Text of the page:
Being a mom while serving in the United States military isn’t always easy. Deployments, training, and often unorthodox hours all add to the complexities of being a working mother. But breastfeeding in uniform makes things is likely to be present more complexities than other jobs.
Nevertheless, many moms have made it work.
Persevering no matter what happens
Recently, 34-year-old active duty Airman Jaime Sloan made headlines when photographed while pumping during an Ironman 70.3 race! She even snagged a personal best, all while pumping during the run portion to feed her 7-month-old son. In a Fox News article, she said she had planned to pump during a stop after the cycling portion. But after realizing she was looking at a personal record, she decided to pump while running.
Finding ways to make breastfeeding in uniform work
Tara Glenn, who served in the Navy Reserves, says that her command was very supportive of her efforts to breastfeed. Sometimes, Glenn’s husband would either bring their baby to her and she’d feed her in one of the private offices. Other times, leadership gave her an extra half hour at lunch so that Glenn could go home to nurse her. (Her baby wouldn’t take a bottle). Truly, Glenn found ways to make breastfeeding work while serving.
Supporting one another
Megan Meredith Harless said that she stopped breastfeeding her middle child at 7 weeks because she was heading to the field for 10 days. She knew she wouldn’t have the ability to pump and store milk. And, at the time, it didn’t occur to her to pump in order to keep her supply up for after her return.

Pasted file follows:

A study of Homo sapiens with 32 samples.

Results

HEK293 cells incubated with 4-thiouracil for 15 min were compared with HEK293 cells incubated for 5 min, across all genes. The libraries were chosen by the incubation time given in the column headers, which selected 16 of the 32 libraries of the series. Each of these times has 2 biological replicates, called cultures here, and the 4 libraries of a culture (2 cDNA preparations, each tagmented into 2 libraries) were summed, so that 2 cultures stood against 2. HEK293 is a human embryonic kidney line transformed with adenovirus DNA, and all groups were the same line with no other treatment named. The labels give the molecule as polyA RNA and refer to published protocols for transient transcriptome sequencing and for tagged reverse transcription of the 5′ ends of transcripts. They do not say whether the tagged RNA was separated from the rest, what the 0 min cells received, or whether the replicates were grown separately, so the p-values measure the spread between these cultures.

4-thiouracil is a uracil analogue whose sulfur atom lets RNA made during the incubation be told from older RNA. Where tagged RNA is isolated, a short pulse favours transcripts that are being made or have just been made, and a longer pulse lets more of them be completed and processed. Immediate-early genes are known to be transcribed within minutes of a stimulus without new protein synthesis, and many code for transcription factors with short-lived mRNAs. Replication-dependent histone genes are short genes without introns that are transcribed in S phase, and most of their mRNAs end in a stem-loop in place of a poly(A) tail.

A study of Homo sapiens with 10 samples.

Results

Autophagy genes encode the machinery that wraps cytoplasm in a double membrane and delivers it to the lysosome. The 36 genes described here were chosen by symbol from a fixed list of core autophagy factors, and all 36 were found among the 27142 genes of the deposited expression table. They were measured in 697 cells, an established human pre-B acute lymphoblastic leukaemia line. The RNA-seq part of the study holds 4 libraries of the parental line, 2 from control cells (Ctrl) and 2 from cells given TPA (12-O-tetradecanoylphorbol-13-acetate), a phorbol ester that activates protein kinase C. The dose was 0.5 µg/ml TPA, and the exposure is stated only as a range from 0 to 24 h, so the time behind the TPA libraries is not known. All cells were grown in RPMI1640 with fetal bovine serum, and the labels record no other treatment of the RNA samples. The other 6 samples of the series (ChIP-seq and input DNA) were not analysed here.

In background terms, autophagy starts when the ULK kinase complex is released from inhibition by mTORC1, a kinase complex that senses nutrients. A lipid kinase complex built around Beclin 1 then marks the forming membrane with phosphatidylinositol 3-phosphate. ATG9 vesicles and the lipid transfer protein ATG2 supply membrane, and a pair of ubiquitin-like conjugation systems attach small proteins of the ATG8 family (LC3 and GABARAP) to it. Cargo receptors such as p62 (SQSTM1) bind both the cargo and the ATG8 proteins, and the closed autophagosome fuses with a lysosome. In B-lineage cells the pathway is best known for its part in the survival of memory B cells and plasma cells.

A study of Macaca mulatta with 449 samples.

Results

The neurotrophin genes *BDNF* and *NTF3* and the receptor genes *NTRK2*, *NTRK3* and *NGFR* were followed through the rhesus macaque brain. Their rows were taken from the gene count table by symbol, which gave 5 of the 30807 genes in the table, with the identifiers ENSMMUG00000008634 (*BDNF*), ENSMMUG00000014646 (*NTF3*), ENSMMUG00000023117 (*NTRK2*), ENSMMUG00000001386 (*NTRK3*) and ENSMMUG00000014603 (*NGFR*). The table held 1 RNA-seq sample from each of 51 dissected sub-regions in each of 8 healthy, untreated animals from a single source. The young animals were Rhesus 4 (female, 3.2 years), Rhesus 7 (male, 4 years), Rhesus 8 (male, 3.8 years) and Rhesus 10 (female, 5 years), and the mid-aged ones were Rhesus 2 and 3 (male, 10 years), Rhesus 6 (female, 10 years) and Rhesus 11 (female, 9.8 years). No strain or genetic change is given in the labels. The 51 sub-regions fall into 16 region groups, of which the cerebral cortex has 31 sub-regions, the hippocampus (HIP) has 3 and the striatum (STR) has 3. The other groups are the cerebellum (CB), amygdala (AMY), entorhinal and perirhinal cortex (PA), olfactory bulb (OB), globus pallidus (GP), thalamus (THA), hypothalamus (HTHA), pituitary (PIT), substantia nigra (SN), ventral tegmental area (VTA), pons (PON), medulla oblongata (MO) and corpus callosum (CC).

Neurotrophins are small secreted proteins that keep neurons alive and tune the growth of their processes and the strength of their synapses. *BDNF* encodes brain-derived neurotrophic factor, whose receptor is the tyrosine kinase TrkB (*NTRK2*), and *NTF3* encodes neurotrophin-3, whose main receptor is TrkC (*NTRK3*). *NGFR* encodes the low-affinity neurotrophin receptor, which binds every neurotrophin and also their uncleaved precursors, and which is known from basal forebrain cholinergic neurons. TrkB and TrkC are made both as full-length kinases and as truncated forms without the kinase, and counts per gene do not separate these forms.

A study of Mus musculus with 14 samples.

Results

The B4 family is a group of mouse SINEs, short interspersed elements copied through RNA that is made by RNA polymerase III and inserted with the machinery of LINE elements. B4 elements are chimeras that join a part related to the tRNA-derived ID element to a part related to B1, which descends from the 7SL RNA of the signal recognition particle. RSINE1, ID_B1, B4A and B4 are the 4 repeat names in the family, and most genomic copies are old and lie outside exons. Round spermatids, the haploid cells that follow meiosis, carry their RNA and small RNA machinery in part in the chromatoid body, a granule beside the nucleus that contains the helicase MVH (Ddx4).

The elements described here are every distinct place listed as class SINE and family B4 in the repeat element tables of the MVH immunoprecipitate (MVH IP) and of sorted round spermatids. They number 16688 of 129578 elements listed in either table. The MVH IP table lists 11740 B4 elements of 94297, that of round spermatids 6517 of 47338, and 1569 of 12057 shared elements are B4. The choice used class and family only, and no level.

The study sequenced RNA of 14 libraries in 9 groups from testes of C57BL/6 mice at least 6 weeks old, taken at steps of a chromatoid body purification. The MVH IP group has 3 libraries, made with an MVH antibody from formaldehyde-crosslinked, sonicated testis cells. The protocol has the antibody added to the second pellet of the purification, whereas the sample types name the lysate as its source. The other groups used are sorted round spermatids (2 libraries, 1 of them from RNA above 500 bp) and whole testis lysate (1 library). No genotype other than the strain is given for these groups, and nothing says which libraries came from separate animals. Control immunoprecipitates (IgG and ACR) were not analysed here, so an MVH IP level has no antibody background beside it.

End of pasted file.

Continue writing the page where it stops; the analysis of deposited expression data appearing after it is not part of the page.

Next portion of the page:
However, a few years later, Harless used her own experiences to help other soldiers. She allowed them time to use her office as a private area to pump. She also let them use an office fridge to store milk until she left each day. After leaving the Army, Harless successfully breastfed her youngest child for nearly 2 years.
Learning the answers to many unusual questions
Robyn Roche-Paull, author of Breastfeeding in Combat Boots: A Survival Guide to Successful Breastfeeding While Serving in the Military, has been a great example for how to continue breastfeeding in uniform. In our special Veterans Day podcast Robyn shared her tried-and-true tips and how-to information to facilitate success. Robyn is also the founder of a non-profit organization committed to advocating, educating, and supporting all active duty, guard, and reserve personnel who are breastfeeding while serving in the military.
Are you helping moms who are breastfeeding in uniform? To learn more about how to help military moms who are breastfeeding, check out our course. You can earn L-CERPs for your IBCLE re-certification, and contact hours to maintain your nursing license and/or certification.
In appreciation to those who currently serve, we are now offering a 15% military discount to all active duty members and their spouses. Thank you for your service!